What is it about Brazil? Either everyone born there is gorgeous or they're not giving passports to those who aren't. The country's bikinis are tiny and waxing regimens correspondingly extreme. And let's not forget: Brazil throws the most decadent celebration of the year. But there would be no ass-shaking at Carnaval without Brazil's most beloved export: music.
Alex Koberle, singer and guitarist for San Francisco's Bat Makumba, knows what the rhythms of his native country can do to a crowd. Bat Makumba plays its pulsating fusion of Brazilian funk-rock to packed houses in the band's Bay Area home base and along the West Coast.
Koberle formed the band in 2000 with drummer and fellow Brazilian ex-pat Emiliano Benevides and "Americano" bassist Carl Remde. The name comes from the '70s tropicalia tune by Caetano Veloso and Gilberto Gil (later popularized by Os Mutantes). Bat Makumba's music steamrolls south-of-the-equator sounds like samba and forro into punk, ska and funk. It's world music--but then again, what music isn't?
"Everything is world music," Koberle points out with bemusement. "If you're in Japan, American music is world music. It doesn't describe much, even though it's encompassing. But if you call us Latin music, we're not really that, either."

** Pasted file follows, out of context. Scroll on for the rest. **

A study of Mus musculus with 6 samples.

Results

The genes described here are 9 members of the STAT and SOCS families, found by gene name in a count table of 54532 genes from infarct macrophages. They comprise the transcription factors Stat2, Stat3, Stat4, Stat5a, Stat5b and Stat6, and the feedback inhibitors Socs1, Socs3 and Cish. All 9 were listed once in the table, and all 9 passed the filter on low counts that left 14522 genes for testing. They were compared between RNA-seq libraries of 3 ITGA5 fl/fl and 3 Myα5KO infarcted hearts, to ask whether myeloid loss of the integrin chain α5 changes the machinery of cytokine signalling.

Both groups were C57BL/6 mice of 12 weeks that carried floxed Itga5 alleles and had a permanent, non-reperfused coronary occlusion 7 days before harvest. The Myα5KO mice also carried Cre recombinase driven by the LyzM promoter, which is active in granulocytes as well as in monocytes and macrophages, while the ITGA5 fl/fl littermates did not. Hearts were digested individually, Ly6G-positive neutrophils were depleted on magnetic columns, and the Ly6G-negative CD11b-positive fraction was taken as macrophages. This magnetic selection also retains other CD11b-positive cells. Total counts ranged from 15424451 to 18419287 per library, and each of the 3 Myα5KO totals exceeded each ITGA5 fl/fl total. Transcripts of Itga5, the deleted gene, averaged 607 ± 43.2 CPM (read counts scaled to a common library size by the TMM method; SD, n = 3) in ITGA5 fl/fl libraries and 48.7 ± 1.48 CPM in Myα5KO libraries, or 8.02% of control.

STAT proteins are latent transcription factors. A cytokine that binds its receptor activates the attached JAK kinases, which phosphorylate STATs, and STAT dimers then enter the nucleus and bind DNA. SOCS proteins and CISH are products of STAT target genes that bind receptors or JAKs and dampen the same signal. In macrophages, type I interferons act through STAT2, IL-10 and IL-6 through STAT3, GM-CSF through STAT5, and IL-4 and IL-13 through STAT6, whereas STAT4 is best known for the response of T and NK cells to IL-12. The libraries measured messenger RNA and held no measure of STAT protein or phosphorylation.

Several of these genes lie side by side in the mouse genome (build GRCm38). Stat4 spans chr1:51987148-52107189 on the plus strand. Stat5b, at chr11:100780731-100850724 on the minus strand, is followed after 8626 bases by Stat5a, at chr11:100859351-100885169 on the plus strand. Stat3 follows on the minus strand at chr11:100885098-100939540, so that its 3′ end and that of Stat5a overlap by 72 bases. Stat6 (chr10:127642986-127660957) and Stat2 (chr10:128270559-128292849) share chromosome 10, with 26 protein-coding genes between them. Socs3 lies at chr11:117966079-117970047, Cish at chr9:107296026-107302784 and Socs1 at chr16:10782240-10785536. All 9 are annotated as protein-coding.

Nevertheless, accolades have been bestowed in both of those genres. The San Francisco Chronicle named Bat Makumba one of the Five Latin Bands to Watch. SF Weekly gave 'em a Best World nod. And the band's 2003 self-titled debut took the California Music Awards' Best Latin Alternative Album title.
The Bay Area has been good to Bat Makumba, partly because it's a region where cultural differences are the norm.
"A lot of world travelers settle in San Francisco," Koberle muses, explaining why the city's so readily embraced his band. "It's a city that's very interested in other cultures. There are a lot of people with international awareness."
"But," he adds, "Brazilian music is very popular everywhere right now--Brazilian culture in general."
Well, yes. Who doesn't love a culture that prefaces Lent, a religion-mandated period of abstinence, with an orgasm of a party elevating every last pleasure of the flesh. (Carnaval takes place Feb. 17 through 20, in case you want to start fluffing your tail feathers.)
And who doesn't love music that beckons every last inner dancing freak? If Bat Makumba's opening drum circle doesnï¿½t get you as it winds through the audience, the unrelenting energy of its live show will.
"San Diego's a fun crowd," says Koberle. "We're excited about getting the party started."
Bat Makumba plays at Winston's on Thursday, Feb. 15. Doors open at 8 p.m. 619-222-6822.